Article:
Foodservice Equipment Reports Fortnightly

Welcome to FER Fortnightly Online Newsletter
June 13, 2006

Economic Report:
Sponsored by:
FER E&S Economic Forecast Meetings
NRA's Performance Index Drops In April; Another Sign Foodservice Is Softening A Bit?
EU Tariffs On Equipment Won't Be Raised
Want To Know About Foodservice And E&S Markets In Europe? Good Luck

Industry Report:
Frigidaire Debuts Commercial Refrigeration
Sill Named FCSI Fellow
Modesto To Turn Restaurant Waste Into Compost
UK Businesses No Longer Accepting Credit Card Signatures
Howie's Hungry For Bigger Slice Of Pizza Market
Enodis Board Considers, Rejects Offer From Manitowoc

Energy-Efficient Equipment Pays In More Ways Than One
Water Shortages Prompt New Illinois State Initiative
Florida Gov. Bush Lets The Dogs Out
Strict Sign Laws Sign Of The Times

This issue's Economic ReportSponsor: FER E&S Economic Forecast Meetings |  Industry Report

Regulatory Report Sponsored by Franke Foodservice Systems

Energy-Efficient Equipment Pays In More Ways Than One
A national initiative to promote energy-efficient foodservice equipment could help pay you double dividends. The Consortium for Energy Efficiency has put together a Commercial Kitchens Initiative to offer incentives on equipment that meets the Environmental Protection Agency's Energy Star specification.

Boston-based CEE has worked with utilities across the country to help promote equipment that can reduce your energy costs anywhere from 10% to 60%. Many of these utilities are offering rebates and other incentives on equipment that qualifies, so you can save on purchase cost as well as operating cost.

Eligible categories include fryers, hot holding cabinets, steamers, reach-in refrigerators and freezers, and pre-rinse spray valves. For a list of models and specifications, go to


Section sponsored by Franke Foodservice Systems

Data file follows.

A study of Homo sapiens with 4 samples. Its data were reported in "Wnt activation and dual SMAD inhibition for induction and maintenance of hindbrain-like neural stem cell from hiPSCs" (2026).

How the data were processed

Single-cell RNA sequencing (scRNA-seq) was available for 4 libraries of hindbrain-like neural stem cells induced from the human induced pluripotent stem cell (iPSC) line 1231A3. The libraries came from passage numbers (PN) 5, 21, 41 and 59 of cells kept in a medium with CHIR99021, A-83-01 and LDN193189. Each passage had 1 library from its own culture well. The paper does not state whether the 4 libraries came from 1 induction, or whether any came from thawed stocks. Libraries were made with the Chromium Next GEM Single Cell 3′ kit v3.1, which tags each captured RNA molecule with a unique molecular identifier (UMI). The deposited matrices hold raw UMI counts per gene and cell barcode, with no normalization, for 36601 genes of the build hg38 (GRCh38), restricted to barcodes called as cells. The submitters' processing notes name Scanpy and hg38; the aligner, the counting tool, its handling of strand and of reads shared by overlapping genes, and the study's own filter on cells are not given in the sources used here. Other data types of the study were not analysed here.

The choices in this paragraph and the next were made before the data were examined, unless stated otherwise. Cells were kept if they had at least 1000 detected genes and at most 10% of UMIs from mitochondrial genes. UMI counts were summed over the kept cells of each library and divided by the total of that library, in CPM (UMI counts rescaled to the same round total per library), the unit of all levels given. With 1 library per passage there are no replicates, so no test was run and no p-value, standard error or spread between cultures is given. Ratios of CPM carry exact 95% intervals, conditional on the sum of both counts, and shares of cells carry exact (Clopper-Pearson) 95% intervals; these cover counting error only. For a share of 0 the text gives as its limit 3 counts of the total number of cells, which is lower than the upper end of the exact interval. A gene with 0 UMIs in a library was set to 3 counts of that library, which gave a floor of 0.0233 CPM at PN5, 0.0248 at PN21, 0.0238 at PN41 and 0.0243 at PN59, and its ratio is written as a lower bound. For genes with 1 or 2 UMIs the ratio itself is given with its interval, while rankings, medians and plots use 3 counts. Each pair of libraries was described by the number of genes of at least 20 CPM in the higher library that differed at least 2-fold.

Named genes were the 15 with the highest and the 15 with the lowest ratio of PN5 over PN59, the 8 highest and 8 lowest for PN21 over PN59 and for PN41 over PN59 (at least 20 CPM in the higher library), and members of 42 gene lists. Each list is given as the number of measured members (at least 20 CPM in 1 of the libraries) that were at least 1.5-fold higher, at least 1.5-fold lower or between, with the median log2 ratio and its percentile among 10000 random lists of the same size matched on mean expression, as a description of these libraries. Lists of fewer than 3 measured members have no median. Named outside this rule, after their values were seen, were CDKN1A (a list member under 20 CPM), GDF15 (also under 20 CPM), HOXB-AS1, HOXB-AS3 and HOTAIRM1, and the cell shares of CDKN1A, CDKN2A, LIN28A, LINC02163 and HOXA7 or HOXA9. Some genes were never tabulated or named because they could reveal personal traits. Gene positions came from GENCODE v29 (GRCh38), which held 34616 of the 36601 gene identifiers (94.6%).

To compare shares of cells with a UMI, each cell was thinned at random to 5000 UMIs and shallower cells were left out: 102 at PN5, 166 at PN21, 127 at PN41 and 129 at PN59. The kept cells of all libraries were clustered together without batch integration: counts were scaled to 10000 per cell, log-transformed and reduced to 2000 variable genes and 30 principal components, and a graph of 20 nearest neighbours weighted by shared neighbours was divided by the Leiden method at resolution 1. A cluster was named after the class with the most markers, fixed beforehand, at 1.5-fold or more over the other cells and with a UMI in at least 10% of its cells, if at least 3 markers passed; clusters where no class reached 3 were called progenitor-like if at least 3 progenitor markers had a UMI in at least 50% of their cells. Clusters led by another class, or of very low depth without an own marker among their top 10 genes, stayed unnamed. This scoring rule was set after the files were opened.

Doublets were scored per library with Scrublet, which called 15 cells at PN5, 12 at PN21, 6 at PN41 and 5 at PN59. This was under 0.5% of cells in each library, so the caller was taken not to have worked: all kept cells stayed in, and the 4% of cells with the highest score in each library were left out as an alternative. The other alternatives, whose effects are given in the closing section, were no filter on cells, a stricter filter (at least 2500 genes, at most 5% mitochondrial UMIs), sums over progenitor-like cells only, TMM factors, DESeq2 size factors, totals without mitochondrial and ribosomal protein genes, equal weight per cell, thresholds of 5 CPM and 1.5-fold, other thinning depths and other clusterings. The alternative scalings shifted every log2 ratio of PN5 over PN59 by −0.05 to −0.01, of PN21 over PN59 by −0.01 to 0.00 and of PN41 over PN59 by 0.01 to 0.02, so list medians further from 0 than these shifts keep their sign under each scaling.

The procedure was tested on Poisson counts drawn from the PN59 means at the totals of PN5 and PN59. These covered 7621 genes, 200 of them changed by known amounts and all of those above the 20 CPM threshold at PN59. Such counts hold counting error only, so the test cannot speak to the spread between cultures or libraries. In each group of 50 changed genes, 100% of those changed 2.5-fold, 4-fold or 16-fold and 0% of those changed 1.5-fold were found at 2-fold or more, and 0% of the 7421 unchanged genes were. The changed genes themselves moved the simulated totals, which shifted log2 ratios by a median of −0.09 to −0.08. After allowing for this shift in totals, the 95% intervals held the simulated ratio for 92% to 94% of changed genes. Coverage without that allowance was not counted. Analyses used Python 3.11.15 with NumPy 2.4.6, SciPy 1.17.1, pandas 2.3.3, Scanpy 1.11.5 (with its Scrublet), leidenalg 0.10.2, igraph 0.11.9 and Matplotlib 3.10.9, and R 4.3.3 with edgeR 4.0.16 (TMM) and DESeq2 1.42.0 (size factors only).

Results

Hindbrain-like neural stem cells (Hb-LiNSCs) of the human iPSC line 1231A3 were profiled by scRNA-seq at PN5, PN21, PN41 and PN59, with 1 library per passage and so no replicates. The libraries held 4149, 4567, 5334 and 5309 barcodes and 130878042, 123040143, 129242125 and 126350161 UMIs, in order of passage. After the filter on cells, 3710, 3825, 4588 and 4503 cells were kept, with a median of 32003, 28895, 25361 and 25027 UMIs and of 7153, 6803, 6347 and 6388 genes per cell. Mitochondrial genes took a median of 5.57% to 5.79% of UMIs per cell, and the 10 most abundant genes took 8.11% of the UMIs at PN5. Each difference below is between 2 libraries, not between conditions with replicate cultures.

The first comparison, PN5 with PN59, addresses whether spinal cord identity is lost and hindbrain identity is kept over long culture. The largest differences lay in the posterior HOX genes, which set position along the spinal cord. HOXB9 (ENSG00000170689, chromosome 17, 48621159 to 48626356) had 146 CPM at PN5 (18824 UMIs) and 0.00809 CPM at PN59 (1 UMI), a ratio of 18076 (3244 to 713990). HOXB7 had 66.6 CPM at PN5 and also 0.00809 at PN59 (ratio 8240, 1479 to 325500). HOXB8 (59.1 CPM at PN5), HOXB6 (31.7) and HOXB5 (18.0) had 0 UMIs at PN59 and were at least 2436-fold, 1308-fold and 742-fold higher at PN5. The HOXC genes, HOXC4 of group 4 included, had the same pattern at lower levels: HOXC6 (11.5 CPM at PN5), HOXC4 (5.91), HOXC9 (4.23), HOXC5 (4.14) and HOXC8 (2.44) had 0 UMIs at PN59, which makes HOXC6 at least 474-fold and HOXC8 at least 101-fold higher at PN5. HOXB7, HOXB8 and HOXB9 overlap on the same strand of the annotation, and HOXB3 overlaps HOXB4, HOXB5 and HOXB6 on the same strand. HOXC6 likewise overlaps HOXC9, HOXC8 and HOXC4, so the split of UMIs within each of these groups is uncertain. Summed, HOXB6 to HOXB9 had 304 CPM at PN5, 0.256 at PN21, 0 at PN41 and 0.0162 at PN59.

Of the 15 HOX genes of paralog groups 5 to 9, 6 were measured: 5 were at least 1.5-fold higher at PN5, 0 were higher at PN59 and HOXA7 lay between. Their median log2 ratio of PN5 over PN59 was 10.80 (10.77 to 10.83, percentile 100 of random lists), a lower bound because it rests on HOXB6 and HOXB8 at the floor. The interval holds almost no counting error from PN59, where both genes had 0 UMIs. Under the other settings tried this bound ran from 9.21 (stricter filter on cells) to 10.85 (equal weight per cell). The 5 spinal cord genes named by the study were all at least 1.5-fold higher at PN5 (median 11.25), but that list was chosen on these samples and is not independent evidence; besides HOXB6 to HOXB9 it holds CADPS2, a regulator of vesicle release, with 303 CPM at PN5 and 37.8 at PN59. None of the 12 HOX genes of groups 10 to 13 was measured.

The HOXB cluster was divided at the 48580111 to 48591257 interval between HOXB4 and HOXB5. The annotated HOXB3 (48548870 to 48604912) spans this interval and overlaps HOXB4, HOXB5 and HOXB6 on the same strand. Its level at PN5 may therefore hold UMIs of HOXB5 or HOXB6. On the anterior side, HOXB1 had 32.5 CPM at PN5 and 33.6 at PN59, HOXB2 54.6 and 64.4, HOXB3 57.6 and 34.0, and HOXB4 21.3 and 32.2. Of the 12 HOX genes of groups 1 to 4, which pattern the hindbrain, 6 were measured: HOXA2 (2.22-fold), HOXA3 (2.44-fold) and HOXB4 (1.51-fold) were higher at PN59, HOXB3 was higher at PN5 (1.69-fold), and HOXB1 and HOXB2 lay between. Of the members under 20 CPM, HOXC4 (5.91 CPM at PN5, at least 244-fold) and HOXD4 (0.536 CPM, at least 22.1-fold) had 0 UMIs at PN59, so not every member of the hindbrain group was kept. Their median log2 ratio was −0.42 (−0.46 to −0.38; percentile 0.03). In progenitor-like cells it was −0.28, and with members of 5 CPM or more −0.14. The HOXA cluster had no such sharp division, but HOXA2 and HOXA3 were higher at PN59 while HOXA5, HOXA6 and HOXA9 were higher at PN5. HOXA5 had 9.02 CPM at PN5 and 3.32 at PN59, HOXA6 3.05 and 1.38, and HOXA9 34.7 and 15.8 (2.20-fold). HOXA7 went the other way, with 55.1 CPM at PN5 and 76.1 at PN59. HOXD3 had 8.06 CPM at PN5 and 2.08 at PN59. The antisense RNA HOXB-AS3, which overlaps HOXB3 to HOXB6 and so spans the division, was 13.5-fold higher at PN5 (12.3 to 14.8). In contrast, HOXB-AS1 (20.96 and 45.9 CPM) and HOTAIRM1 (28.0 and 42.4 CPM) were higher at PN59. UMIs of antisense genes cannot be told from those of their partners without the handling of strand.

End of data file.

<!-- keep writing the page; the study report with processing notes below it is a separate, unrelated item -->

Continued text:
Water Shortages Prompt New Illinois State Initiative
Chicago sits next to one of the largest sources of fresh water in the world, but water shortages in surrounding suburbs are so serious that Illinois legislators have carved $1 million out of the state budget to create the Illinois Water Supply Initiative.

The program, managed by the state's Department of Natural Resources, is Illinois' first concerted effort to develop statewide water management plans. Gov. Rod Blagojevich issued an executive order the day the Initiative was announced calling for scientific study of the state's water system and future water needs.

Chicago and several nearby suburbs are limited by federal law in the amount of water they can pump directly from Lake Michigan. Many outlying suburbs rely on deep aquifers for water, and those are being depleted faster than expected due to rapid demand growth, as operators in those areas are already learning.

Section sponsored by Franke Foodservice Systems

Florida Gov. Bush Lets The Dogs Out
As expected, Florida Governor Jeb Bush has signed a bill that lets restaurant diners bring dogs along rather than take a doggie bag home.

Sort of. What the law actually creates is a three-year pilot program giving restaurants the option of allowing dogs in outdoor dining areas if—if—local or county health officials approve. The program will be evaluated at the end of that time.

Bush, who lost his own black Labrador to cancer days earlier, signed the bill with state Sen. Charlie Clary's dog Dixie Cup.

Section sponsored by Franke Foodservice Systems

Strict Sign Laws Sign Of The Times
A proposed new sign ordinance in Columbia, Tenn., could soon put a crimp in your style there.

The ordinance would limit the size and height of signs in the city, and would prohibit banners and balloons. Proponents say they want a more uniform look to signage in town, and to level the playing field for all advertisers. As written, businesses would not have to tear down existing signs to comply with the ordinance. If replacing a sign, however, the new sign would have to conform.

Surrounding towns have implemented their own versions of sign laws. Most say the restrictions haven't prevented developers and retailers from opening new businesses.